Sunday, January 20, 2013

Quantified Self Uplevels to Quality of Life

The quantified self movement has barely gotten going in the last five years but contemporary shifts can already be seen such as the idea that the current activity is just an intermediary node on the way to the future exoself.

The quantified self refers to any individual engaged in the self-tracking of biological, physical, behavioral, or environmental information, often with a proactive stance towards action. At the center of the quantified self movement is, appropriately, the Quantified Self community with thousands of worldwide participants.

Quality of Life
A key contemporary shift is a push beyond the basic self-tracking of ‘steps walked’ and ‘hours slept’ to examine more complex qualitative phenomena like emotion, happiness, and productivity. The overall objective is to improve the quality of life.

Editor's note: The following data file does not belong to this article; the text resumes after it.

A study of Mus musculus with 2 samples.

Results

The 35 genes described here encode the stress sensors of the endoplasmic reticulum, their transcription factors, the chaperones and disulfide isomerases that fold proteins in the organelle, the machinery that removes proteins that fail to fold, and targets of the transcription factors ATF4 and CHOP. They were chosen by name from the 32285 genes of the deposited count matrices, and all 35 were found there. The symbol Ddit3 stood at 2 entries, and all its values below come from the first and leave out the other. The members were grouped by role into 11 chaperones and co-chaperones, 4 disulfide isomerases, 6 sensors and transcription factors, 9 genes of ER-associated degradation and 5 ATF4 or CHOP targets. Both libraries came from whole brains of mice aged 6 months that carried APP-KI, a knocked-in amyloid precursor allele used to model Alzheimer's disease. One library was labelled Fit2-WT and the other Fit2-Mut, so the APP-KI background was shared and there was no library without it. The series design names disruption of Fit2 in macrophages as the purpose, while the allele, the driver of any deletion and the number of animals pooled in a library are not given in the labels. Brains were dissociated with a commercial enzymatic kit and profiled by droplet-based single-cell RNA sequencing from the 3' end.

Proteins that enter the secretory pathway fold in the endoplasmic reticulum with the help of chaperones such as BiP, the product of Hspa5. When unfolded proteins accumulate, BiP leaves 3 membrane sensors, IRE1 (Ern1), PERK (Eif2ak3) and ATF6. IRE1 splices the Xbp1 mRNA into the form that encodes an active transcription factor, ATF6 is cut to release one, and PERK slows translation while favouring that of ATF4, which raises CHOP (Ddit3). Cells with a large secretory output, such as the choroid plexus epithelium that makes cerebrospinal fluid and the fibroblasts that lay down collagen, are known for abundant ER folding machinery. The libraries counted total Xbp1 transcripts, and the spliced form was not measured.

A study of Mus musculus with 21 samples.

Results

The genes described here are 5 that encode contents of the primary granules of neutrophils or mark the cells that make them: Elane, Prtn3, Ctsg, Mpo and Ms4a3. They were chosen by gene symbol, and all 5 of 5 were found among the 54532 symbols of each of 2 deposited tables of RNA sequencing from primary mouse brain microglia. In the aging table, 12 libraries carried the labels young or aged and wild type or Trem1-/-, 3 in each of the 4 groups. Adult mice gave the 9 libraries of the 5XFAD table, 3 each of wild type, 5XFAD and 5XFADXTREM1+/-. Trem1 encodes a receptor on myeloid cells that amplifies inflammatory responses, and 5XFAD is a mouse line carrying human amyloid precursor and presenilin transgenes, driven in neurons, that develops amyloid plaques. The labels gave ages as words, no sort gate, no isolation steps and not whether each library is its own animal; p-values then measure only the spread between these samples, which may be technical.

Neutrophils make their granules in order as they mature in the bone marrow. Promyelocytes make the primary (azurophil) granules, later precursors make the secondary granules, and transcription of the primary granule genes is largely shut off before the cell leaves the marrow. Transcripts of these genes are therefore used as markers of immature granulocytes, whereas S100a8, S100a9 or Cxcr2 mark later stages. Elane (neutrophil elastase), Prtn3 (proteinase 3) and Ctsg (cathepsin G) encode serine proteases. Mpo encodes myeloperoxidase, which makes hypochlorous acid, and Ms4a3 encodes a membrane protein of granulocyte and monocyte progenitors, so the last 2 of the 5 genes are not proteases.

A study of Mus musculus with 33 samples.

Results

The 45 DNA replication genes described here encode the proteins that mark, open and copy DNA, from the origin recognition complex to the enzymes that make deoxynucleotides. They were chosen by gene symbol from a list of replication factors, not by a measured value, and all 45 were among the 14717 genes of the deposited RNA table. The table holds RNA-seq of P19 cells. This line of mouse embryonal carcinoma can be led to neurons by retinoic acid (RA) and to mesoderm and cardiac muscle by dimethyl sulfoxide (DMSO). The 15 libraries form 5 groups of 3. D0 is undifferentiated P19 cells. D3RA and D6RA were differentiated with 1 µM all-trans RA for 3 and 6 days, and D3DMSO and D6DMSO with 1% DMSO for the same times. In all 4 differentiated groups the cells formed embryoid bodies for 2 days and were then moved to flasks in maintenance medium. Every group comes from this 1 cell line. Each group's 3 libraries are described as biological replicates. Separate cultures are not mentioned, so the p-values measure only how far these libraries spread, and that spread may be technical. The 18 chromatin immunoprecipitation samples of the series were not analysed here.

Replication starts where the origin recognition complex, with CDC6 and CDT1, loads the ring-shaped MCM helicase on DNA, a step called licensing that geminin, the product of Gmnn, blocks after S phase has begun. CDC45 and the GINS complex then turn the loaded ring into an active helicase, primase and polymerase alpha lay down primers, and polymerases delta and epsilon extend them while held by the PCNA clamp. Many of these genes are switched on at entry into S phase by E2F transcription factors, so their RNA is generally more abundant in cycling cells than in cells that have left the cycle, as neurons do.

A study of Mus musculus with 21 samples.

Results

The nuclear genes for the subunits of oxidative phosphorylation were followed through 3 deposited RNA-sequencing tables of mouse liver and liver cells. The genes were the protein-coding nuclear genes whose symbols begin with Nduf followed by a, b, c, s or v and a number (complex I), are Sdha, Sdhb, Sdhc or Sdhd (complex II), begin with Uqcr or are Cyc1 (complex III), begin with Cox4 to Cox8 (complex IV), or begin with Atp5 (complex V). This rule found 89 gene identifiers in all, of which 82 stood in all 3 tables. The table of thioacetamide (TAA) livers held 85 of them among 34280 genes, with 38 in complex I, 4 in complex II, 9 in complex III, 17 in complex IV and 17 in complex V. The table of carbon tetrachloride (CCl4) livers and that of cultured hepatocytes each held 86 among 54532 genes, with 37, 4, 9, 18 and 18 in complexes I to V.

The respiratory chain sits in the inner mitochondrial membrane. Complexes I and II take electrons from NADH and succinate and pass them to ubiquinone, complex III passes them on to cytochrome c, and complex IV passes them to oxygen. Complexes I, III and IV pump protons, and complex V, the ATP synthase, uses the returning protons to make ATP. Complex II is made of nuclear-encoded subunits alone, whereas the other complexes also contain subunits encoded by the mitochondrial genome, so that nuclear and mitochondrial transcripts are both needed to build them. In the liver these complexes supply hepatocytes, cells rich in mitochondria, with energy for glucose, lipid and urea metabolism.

One example of improving the quality of life is by using ‘calming technologies’ to reduce stress. Whereas technology generally seems to speed things up, calming technologies do the opposite, helping to slow down and de-stress life.

The Calming Technology Lab at Stanford designs solutions to identify stressors, and respond to them by evoking a state of restful alertness in the individual. Calming technologies draw on the general principles of behavior design, where three aspects are required to produce a behavior change: sufficient motivation, sufficient ability, and a trigger. Calming technology is essentially a quantified personal stress management system.

Core Calming Principles
The CalmingTech lab has suggested ten core design principles to use in creating calming technologies, including reducing feelings of overwhelm, and having the ability to control interruptions. 

NewTech, ArtTech, CalmingTech…what could be next? HumorTech? SerendipityTech?